The closing of the Cataract House Restaurant on the eve of the Festival of Lights and the American Bus Association marketplace is disappointing but not insurmountable, a Chamber of Commerce official said last week.
Charles P. Steiner, president of the Chamber, said it's disappointing to lose any business, but especially one as integral to the downtown area as the Cataract House with its key location on Old Falls Street across Third Street from the Niagara Falls Convention and Civic Center and E. Dent Lackey Plaza.
"It's a disappointment in the sense that it was another business that was a very integral part of the festival," said Steiner, who is also chairman of the Festival of Lights volunteer committee.
"More important you've got to respect the fact that it is a business and we've obviously got to work a little harder to make businesses successful. That's one of the reasons the festival exists -- to create a positive business climate," he said.
The Cataract House closed on Nov. 16, when a city marshal chained the doors on orders of a federal court judge, ruling in a bankruptcy proceeding, according to Anthony A. Girasole, one of the owners of the former bank building where the restaurant was located.
The partners in the three-year-old restaurant, Dimitrios Dandolos and Vincent J. Grandinetti, filed for protection from their creditors under Chapter 11 of the Bankruptcy Law in March, 1989.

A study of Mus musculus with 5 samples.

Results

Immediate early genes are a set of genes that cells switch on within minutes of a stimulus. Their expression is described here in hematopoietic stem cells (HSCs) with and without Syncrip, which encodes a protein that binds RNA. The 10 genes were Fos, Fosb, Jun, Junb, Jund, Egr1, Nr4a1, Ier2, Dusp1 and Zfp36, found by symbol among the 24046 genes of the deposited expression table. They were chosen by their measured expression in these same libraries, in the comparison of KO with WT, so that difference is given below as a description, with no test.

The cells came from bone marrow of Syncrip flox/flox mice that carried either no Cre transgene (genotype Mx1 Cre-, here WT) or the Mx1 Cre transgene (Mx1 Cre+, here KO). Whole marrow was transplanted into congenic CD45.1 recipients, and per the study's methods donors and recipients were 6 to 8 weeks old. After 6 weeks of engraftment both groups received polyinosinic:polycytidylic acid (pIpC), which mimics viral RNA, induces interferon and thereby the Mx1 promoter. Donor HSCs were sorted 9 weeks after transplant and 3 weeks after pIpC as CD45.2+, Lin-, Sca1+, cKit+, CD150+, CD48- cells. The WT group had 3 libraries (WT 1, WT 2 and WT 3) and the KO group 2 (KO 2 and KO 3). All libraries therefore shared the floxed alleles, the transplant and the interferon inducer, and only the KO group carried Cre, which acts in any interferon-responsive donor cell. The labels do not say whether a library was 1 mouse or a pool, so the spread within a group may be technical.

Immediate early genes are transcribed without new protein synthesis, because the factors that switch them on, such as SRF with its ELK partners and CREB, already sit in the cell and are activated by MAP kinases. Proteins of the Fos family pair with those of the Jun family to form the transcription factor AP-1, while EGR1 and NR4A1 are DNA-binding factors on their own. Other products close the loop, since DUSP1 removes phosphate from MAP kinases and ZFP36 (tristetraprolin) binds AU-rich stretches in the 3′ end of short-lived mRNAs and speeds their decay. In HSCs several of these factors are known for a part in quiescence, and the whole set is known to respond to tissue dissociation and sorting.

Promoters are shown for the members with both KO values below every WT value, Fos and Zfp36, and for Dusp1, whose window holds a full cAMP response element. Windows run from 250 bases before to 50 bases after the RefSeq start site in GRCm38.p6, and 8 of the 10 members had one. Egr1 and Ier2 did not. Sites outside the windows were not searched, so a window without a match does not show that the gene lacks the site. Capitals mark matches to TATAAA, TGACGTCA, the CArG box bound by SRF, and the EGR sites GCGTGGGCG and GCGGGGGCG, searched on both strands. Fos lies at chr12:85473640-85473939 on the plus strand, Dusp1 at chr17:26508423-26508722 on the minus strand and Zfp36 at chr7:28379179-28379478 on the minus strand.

"We were one of the creditors. Since March 1989, we were trying to get a decision from the judge on whether they could stay there or we could take the property back," Girasole said.
"We wanted the lease broken. They wanted the lease to remain in effect. The judge ruled in our favor."
Neither Dandolos nor Grandinetti could be reached to comment.
Girasole stressed that Dandolos and Grandinetti "are nice people and they tried to make this location work. We really hope they do well in their future endeavors."
"A lot of their problems had to do with the upheaval of downtown. . . . If (Falls Street Faire and Falls Street Station) had been open this probably wouldn't have happened," Girasole said.
The Faire and Station are unfinished entertainment and retail complexes, which were to have opened on Old Falls Street more than two years ago.
Steiner said that, too, is a blow to the city's efforts to pull out all of the stops for the bus association's marketplace, but, "We try to turn things around and make the best of them."
He said new lights, displays and innovations in this year's festival should make up for some of the dark spots in the downtown area and help the city put its best foot forward for the marketplace, which began Sunday and runs through Friday.The festival opened on Nov. 24 and runs through Jan. 6.
Steiner said the Faire and Station had been used as sales tools to attract the marketplace. Now, local tourism officials have to explain their absence.
Absent also is the municipal ice skating rink in Lackey Plaza.
Steiner said if the rink had been operating, it would have been "the icing on the cake," giving Niagara Falls that "wonderful Rockefeller Center ambience." But, the ice rink has broken down again and won't be operating for this year's festival. Instead of ice skaters the rink will house a train ride.